Divorces involving high assets affected by tax law changes

Taxes are often far from the minds of divorcing spouses in Texas during the process of dissolving a marriage, but taxes can present themselves with unexpected costs in time for those who are unprepared. Kiplinger has published findings by a tax attorney that show some divorcing spouses may face higher taxes with changes in the various laws regarding payments for alimony and child support after a divorce.

Planning for the future after a 'gray divorce'

Older Texas couples considering divorce may be particularly concerned about how ending a marriage later in life could affect future retirement. No matter a person's age, divorce can be an emotional and financial challenge. While custody and child-rearing are often the biggest issues for younger ex-spouses, divorce presents its own challenges for older couples. It's especially difficult for those who have been married for many years and have deeply intertwined finances.

Property division in a high-asset divorce

People in Texas who decide to divorce may realize that the financial effects of the end of a marriage can be far more long-lasting than the emotional and practical aspects of the split. Indeed, many people planning for divorce feel intense stress about how their finances will change. However, by reviewing their assets, liabilities, income and expenses, people can make a plan for their post-divorce financial future that can help to improve their peace of mind moving forward.

Dealing with private businesses during a divorce

Dividing marital estates is often a challenging and contentious process in Texas and around the country, and reaching an amicable settlement can be especially difficult when one of the most valuable assets involved is a family-owned business. Determining the value of a private business is rarely a straightforward process, and people who are not involved in day-to-day operations may believe that the companies run by their spouses are worth far more or far less than they actually are.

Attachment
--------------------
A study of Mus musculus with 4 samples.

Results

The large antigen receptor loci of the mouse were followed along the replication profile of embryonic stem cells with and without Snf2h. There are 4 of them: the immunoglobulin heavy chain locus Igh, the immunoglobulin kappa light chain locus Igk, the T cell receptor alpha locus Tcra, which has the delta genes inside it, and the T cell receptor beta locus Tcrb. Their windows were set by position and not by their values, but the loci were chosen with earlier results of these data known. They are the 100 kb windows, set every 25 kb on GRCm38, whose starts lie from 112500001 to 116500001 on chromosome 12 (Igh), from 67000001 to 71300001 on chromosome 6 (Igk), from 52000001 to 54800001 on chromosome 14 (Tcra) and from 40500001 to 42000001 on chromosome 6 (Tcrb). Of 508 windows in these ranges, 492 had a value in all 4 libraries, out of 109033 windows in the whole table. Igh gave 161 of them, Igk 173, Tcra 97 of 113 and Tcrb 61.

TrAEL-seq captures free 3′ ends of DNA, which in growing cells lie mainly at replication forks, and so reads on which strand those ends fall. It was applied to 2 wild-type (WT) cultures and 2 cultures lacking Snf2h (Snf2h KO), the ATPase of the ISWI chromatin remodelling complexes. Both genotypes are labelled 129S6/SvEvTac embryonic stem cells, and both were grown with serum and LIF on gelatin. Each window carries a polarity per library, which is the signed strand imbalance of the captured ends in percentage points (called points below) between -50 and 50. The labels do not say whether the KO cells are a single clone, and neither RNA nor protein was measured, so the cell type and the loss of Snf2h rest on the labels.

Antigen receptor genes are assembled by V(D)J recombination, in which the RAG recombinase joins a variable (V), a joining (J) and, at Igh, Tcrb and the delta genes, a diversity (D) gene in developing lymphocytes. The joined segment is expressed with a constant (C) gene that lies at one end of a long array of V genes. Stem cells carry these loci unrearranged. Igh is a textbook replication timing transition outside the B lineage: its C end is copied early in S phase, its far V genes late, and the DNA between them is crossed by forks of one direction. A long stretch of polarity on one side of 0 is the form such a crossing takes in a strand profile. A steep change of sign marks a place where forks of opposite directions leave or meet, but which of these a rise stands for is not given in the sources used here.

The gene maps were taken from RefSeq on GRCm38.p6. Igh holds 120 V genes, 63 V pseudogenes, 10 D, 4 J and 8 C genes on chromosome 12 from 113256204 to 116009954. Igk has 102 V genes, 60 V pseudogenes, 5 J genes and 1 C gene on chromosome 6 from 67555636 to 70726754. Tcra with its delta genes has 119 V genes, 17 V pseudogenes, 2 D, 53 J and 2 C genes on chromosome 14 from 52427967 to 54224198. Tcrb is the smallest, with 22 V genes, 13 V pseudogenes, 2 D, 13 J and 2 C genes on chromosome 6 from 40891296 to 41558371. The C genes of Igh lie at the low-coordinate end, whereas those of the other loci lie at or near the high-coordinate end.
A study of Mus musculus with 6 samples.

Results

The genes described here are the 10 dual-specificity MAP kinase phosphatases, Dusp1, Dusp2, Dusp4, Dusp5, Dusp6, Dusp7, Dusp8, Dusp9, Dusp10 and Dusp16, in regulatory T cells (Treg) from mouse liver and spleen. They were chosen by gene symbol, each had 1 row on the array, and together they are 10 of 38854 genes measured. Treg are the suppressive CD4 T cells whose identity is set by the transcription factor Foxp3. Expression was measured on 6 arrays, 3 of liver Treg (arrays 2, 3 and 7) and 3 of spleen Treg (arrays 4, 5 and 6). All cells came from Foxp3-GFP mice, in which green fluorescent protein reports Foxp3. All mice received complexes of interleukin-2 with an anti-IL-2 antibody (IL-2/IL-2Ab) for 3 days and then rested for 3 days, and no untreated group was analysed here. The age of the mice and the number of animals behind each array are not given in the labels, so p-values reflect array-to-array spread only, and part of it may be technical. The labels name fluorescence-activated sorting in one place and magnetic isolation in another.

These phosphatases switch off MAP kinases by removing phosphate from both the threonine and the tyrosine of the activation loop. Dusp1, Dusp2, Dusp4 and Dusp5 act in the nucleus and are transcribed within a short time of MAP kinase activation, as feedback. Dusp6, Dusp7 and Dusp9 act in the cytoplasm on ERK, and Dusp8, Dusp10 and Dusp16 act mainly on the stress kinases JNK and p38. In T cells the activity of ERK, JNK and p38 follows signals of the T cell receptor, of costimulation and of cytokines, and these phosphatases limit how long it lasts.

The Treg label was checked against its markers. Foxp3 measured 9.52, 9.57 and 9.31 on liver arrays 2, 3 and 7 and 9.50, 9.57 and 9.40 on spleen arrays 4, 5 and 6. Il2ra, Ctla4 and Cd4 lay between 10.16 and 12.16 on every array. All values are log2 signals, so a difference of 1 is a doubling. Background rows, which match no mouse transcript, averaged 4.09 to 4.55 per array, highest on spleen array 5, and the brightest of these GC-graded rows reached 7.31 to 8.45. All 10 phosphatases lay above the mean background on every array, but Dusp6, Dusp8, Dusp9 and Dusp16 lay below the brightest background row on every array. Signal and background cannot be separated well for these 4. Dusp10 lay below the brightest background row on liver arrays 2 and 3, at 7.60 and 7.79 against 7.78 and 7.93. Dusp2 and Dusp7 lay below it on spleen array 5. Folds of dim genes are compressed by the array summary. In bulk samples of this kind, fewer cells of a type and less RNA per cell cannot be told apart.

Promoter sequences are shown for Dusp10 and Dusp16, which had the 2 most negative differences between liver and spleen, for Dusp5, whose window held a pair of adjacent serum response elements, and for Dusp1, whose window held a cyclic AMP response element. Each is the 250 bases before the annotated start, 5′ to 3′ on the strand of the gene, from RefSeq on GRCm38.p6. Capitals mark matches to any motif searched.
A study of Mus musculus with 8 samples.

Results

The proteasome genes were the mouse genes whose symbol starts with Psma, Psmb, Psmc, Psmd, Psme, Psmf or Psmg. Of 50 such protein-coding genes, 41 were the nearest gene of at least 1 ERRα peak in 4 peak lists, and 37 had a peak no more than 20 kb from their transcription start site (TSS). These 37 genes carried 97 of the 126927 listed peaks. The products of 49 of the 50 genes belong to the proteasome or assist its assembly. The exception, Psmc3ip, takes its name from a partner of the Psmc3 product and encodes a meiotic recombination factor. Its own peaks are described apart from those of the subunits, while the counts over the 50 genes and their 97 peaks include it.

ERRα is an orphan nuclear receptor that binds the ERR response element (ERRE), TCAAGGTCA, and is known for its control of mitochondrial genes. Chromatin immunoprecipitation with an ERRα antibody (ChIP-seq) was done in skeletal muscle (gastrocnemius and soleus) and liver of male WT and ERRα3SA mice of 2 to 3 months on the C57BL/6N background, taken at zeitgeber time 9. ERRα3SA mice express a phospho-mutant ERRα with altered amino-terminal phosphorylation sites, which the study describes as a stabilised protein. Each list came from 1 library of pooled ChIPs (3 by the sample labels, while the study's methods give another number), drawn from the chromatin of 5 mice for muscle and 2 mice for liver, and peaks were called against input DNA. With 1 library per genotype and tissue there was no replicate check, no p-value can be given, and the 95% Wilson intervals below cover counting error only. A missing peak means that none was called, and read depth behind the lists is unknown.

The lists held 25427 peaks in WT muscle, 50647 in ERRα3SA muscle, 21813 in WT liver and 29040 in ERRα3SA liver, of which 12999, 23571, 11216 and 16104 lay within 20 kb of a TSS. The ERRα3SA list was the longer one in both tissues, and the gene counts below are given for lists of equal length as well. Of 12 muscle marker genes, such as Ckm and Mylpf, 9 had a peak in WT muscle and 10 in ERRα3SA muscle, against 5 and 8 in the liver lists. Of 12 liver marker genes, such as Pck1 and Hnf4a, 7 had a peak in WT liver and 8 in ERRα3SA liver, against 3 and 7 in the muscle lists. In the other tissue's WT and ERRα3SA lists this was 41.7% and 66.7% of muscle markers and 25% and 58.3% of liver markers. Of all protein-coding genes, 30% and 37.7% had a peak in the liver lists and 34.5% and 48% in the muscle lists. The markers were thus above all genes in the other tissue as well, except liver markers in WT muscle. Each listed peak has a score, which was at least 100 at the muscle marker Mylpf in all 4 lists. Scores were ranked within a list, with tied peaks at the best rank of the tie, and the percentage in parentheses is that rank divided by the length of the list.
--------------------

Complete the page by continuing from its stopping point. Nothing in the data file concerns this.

How divorce may effect finances in retirement

Some Texas women may want to consider keeping the home in a divorce even though this is not the advice usually given by financial professionals. The reason they advise against it is that it may be financially impossible to afford the home. A woman may be able to pay the mortgage but might struggle with the additional costs of maintaining the home including upkeep, insurance, taxes and utilities.

Prenuptial agreements for wealthy adult children

It's common for Texas residents to get married believing that they are entering a relationship that will last the rest of their lives. Unfortunately, divorce rates show that this is not always the case. Divorce takes on an extra level of complication for children of wealth. In many cases, it is beneficial for these individuals to create a prenuptial agreement prior to making their wedding vows.

Lack of financial knowledge may complicate a divorce

People over 50 are twice as likely to get divorced than they were in the 1990s, and this could lead to financial problems for people in Texas who have not been active participants in the household finances. According to a report published by UBS Global Wealth Management, 56 percent of married women allow their spouses to make major financial and investment decisions.